By Eugène Ionesco; Translated by Eli Rosen; Directed by Moshe Yassur
Produced by New Yiddish Rep in association with the Castillo Theatre
Off Off Broadway, Classic
Runs through 10.8.17
The Castillo Theatre, 543 West 42nd Street
by Regina Robbins on 9.15.17
Luzer Twersky, Caraid O'Brien, and Malky Goldman in Rhinoceros. Photo by Pedro Hernandez.
BOTTOM LINE: Ionesco in Yiddish is a brilliant idea, but the execution leaves something to be desired in New Yiddish Rep's latest offering.
Thanks to last season’s award-winning play Indecent, which told the true story of a controversial Jewish play, the Yiddish theatre is having a moment. New York City once teemed with Yiddish-language plays and musicals, but the Holocaust cruelly robbed the world of millions of Yiddish-speaking artists and audience members. New Yiddish Rep, established in 2013, is doing its bit to bring the Yiddish theatre tradition back from near extinction.
Having produced both classic Yiddish texts and modern works (such as Waiting for Godot and Death of a Salesman) in translation during its short life, NYR is now taking on Rhinoceros, a French-language play by Eugène Ionesco, who (while not Jewish) was born in Romania, considered the epicenter of the Yiddish theatre’s golden age. Eli Rosen has translated the text (never before performed in Yiddish) and also plays Jean, a well-dressed Parisian who begins the play by berating his sad-sack friend, Berenger (Luzer Twersky), for being sloppily attired and too often hungover. As they bicker at a sidewalk café, a rhinoceros charges through the streets…a strange sight in Paris, to say the least. People are alarmed and confused: was it really a rhinoceros? If so, did it have one horn or two? And what's to be done about this?
Rhinoceros, written in the immediate aftermath of World War II, is an absurdist examination of the issues that Europe was grappling with at the time, including the psychology of fascism and the price of nonconformity. It’s a perfect fit for the Yiddish theatre, born in shtetls and ghettos, and for today’s Yiddish-speaking actors, most of whom are the descendants of Holocaust victims and survivors. The action is set in 1950’s Paris, as it was originally, but the translation tweaks some of the dialogue to give it a culturally, if not religiously, Jewish spin—for example, changing the day of the first scene from Sunday to Saturday (or Shabbos) and throwing in a reference to the synagogue. Supertitles are projected onto the set to allow us to follow the action. (I’m assuming there were no supertitles back in the 1890s.)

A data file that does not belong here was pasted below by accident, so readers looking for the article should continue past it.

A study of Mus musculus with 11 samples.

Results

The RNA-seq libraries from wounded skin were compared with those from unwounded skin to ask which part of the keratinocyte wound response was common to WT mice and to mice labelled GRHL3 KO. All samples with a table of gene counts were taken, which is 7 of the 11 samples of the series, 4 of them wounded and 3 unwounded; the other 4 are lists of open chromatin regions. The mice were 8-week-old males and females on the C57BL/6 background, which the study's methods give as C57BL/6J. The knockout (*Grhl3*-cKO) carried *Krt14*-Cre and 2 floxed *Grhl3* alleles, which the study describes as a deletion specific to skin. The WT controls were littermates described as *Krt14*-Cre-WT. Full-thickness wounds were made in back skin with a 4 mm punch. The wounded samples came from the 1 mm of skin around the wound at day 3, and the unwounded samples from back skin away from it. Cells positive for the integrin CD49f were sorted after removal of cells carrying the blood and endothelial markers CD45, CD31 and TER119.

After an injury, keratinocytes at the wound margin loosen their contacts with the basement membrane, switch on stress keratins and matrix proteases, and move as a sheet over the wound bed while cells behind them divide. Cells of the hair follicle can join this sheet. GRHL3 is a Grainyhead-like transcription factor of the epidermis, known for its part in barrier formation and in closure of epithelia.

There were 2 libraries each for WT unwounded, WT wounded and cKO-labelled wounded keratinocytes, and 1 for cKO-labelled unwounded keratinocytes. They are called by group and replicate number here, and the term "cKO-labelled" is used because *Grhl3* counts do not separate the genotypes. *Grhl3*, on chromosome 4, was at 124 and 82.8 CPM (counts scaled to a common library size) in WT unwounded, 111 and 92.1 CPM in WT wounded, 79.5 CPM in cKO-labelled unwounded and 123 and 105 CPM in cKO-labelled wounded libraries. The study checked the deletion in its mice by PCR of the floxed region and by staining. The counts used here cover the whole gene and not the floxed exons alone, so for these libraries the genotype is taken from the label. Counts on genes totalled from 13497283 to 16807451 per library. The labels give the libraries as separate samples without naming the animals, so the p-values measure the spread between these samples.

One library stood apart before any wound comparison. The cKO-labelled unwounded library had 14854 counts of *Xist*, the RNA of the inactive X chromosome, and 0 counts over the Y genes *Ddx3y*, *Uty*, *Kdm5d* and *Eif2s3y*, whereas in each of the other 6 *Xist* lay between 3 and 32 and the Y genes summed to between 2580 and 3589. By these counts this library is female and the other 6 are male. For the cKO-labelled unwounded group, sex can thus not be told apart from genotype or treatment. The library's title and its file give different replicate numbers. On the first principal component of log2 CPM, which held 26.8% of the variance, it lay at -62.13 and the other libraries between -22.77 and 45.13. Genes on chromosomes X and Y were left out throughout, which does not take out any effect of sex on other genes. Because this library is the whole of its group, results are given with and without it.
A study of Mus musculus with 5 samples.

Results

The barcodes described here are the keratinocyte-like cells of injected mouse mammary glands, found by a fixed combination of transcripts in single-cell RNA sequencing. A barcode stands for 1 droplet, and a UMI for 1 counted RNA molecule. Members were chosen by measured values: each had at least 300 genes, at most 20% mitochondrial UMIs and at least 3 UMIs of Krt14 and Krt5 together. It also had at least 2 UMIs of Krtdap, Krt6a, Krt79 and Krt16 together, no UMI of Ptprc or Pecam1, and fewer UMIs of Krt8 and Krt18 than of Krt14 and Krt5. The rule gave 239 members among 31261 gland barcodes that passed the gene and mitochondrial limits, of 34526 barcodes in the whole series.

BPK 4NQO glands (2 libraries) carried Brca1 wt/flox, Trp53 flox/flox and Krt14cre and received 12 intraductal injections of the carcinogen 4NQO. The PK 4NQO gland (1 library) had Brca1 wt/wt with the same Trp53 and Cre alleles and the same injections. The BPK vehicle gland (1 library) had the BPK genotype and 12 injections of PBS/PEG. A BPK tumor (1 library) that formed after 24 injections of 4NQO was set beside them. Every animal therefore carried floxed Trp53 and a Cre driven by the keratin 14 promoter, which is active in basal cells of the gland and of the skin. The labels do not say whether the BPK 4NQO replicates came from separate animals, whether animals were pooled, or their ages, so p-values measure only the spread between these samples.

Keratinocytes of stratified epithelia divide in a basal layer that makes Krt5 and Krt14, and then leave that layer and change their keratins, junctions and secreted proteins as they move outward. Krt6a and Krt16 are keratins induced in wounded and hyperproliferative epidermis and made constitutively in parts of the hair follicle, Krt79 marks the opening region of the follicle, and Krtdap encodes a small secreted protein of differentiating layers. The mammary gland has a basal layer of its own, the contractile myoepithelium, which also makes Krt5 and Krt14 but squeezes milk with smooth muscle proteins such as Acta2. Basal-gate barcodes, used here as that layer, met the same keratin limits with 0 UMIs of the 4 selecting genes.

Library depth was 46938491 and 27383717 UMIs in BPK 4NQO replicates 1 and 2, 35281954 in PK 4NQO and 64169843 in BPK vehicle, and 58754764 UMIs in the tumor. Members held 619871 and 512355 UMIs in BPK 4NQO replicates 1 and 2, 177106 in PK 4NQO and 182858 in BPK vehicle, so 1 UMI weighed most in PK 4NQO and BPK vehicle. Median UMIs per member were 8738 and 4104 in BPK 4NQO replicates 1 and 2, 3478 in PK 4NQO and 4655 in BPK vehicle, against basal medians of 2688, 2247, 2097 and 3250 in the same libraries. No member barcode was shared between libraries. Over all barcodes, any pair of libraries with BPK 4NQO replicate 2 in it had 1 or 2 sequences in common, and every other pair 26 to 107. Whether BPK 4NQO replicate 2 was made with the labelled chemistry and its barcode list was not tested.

The rhythms of the Yiddish language are perfect for this piece, and Luzer Twersky, playing “everyman” Berenger, who emerges as the central character, immediately commands our sympathy. Looking like a hybrid of Woody Allen and Sean Penn, Twersky (who you may have seen in the show Transparent) works furiously to carry the weight of this talky, cerebral comedy on his slight shoulders. It’s too bad that the direction, provided by Moshe Yassur, is so insufficient. The actors (some of whom are more professional than others) are all exceedingly game, but their blocking frequently feels awkward or aimless, and one wishes they had occasionally been advised that a whisper would work as well as, or better than, a shout.
Even a just-okay staging of Rhinoceros is entertaining, but given the significance of NYR’s production, it’s disappointing that the text and the cast aren’t better served. Hopefully this company is still finding its groove; let’s cross our fingers that first-rate Yiddish versions of The Bald Soprano, No Exit, and The Maids are just around the corner.
(Rhinoceros plays at the Castillo Theatre, 543 West 42nd Street, through October 8, 2017. The running time is two hours with an intermission. Performances are Wednesdays through Fridays at 7:30; Saturdays at 2 and 7:30; and Sundays at 2. There are no performances during Rosh Hashanah and Yom Kippur. Tickets are $45 and are available at newyiddishrep.org.)
Rhinoceros is by Eugène Ionesco, translated by Eli Rosen. Directed by Moshe Yassur. Set Design is by Moshe Yassur and David Mandelbaum. Lighting Design is by Evan Kerr. Sound Design is by Jesse Freedman. Costume Design is by Susannah Norris-Lindsay. Production Stage Manager is Anna Engelsman.
The cast is Alec Leyzer Burko, Amy Coleman, Macha Fogel, Malky Goldman, Sean Griffin, Chezky Israel, Rebecca Karpovsky, Mira Kessler, David Mandelbaum, Caraid O'Brien, Eli Rosen, Gera Sandler, Luzer Twersky, and Melissa Weisz.